City gas pipes corrode

By Monica Mitrovic
Copy Desk Chief

In the U.S., gas leaks have destroyed property, hurt or killed someone about every other day between 2004 and 2014, according to USA Today. On average, 17 people die in the U.S. because of leaks and explosions caused by natural-gas pipelines each year, according to The Atlantic.

On Feb. 23, a natural gas explosion killed 12-year-old Michelita Rogers in Northwest Dallas, according to wfaa.com. Two days before that explosion, two other nearby homes caught fire or exploded. On April 2, four people in South Dallas were injured in an explosion thought to be caused by a gas leak, according to nbcdfw.com.

Atmos Energy officials blamed unforeseen shifting soil conditions for the Feb. 23 house explosion, according to wfaa.com. Cast iron and steel gas pipes can become stressed under shifting soil and leak, according to the Denton Record-Chronicle.

Natural gas is piped into 67 million homes and at least 5 million businesses, schools and other buildings across the nation, according to USA Today.

In an email to The Courier, Gary Jones, Brookhaven College geology adjunct faculty, said North Texas has soils with a lot of clays in them. “When they get wet, they expand,” Jones said. “When they dry, they contract.”

According to USA Today, aging bare-metal gas pipes susceptible to rust and corrosion can lead to gas leaks. “Water tends to act as a catalyst in chemical reactions,” Jones said. “Iron is very reactive with oxygen especially when water is present. This is why you see a lot of rust, [or] iron oxide.”  

According to the Record-Chronicle, “When it rains, North Texas clay soils can compound the problem by creating new paths for any leaking gas to migrate and collect, rather than disperse in the air.”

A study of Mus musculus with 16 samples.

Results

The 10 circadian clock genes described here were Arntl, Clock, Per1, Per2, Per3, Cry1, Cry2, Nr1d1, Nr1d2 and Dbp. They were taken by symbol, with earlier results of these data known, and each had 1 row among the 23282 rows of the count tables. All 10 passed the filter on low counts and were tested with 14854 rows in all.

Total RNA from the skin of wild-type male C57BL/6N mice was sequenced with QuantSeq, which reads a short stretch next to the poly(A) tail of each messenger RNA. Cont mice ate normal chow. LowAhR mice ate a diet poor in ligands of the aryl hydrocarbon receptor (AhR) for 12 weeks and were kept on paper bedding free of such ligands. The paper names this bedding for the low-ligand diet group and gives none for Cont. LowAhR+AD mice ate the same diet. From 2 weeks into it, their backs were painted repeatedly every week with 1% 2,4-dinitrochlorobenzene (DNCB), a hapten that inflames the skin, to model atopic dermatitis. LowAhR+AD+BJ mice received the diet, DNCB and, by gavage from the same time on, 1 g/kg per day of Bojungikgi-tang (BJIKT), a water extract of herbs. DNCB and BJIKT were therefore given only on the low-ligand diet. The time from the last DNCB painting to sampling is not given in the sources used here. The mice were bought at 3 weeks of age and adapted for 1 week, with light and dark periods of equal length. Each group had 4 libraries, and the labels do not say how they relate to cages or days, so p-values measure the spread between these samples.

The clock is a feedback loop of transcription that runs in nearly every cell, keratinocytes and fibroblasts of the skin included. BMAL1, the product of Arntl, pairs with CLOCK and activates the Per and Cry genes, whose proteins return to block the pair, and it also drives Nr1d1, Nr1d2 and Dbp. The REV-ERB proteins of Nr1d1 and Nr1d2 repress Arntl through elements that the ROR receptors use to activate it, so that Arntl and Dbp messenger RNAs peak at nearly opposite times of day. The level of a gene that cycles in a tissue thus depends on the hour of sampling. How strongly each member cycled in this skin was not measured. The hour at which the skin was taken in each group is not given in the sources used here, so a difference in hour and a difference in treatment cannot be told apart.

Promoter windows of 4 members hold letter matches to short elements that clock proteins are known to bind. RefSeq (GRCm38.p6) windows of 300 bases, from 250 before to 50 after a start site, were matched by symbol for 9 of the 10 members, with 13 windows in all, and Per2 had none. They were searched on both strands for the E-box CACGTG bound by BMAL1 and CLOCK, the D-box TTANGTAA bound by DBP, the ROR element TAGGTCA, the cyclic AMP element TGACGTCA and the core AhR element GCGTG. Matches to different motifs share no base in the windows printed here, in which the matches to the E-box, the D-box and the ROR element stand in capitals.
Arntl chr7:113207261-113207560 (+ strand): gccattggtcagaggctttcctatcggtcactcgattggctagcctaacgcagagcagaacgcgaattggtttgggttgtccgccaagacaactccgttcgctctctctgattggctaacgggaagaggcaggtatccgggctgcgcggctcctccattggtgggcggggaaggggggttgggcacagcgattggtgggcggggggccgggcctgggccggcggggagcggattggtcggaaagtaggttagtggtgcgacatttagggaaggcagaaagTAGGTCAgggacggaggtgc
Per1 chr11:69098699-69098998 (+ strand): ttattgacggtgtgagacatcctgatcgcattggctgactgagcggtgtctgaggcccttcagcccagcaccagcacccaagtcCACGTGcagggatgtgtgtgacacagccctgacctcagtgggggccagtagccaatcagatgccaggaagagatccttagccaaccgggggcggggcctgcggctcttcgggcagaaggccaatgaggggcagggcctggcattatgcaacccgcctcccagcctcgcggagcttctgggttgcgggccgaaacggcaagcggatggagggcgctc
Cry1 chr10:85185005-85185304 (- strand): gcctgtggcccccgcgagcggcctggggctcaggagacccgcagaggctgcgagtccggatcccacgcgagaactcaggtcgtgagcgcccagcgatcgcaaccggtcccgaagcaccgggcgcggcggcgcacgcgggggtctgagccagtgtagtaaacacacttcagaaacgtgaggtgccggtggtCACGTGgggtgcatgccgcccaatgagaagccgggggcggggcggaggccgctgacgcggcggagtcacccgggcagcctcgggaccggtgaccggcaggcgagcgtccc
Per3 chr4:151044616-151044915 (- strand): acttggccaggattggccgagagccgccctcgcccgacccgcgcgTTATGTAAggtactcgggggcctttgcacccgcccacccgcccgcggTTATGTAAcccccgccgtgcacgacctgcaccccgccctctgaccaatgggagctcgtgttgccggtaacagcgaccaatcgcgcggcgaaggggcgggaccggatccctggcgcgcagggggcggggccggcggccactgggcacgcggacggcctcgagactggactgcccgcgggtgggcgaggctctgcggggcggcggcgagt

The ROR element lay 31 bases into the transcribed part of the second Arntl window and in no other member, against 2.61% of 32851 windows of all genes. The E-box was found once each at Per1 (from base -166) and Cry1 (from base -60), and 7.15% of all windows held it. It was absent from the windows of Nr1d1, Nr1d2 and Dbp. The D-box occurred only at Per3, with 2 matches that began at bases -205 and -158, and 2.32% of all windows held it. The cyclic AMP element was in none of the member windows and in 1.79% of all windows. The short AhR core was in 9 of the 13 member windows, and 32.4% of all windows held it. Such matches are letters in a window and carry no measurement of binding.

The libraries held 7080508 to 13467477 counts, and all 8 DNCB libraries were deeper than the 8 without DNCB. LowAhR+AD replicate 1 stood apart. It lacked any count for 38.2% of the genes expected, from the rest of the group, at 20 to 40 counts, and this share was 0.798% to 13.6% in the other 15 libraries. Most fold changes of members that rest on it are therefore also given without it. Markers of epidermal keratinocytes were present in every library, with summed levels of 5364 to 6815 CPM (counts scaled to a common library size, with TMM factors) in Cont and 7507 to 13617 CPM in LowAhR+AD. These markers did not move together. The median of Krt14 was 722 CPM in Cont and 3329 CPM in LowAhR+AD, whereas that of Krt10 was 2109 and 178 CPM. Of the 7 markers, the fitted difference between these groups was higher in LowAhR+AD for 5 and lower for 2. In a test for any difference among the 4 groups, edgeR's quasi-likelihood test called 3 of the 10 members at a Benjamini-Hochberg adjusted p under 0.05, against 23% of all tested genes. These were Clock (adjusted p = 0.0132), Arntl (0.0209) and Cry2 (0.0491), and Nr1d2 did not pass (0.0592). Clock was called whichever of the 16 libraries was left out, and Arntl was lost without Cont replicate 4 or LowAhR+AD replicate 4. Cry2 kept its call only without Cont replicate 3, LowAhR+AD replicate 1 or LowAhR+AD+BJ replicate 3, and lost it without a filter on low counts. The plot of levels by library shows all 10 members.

There are more than 300,000 miles of gas transmission lines in the U.S., according to theworldlink.com. There are at least 85,000 miles of cast iron and bare steel gas mains beneath American cities and towns, according to USA Today.

As of July 2017, Atmos has replaced 48.5 miles of cast iron pipe in Dallas over the past three years, according to documents obtained by WFAA through open records. However, 409 miles of cast iron piping running beneath the city.

The Pipeline and Hazardous Materials Safety Administration has pushed gas utility companies to replace aging pipes with tougher materials for more than a decade, according to USA Today. Replacing aging piping can cost $1 million per mile or more. 

As of March 8, 21 states, excluding Texas, have replaced cast iron piping, according to wfaa.com. In a letter to WFAA, Atmos officials said all cast iron pipes in Dallas should be removed by the end of 2023.

“Since we are just starting spring, we expect there to be heavy rainfall through April,” Jones said. “If this is the cause, then it is possible for there to be more gas explosions. The main thing would be to replace the metal pipelines with plastic.”


If there is a leak:

Leave the premises.

Leave any doors open.

Do not turn off or on any electric switch.

Do not use a cell phone, telephone, garage door opener, doorbell or flashlight.

Do not smoke, use a lighter or strike a match.

Do not start or stop a nearby vehicle or machinery.

Do not try to shut off a natural gas valve.

Call 911 and
Atmos at 866-322-8667


According to the Atmos Energy website, signs of a gas leak include a distinct odor, hissing or whistling sound near a gas appliance, roaring sound near a pipeline, or blowing dust, bubbling water or dead vegetation near a gas line.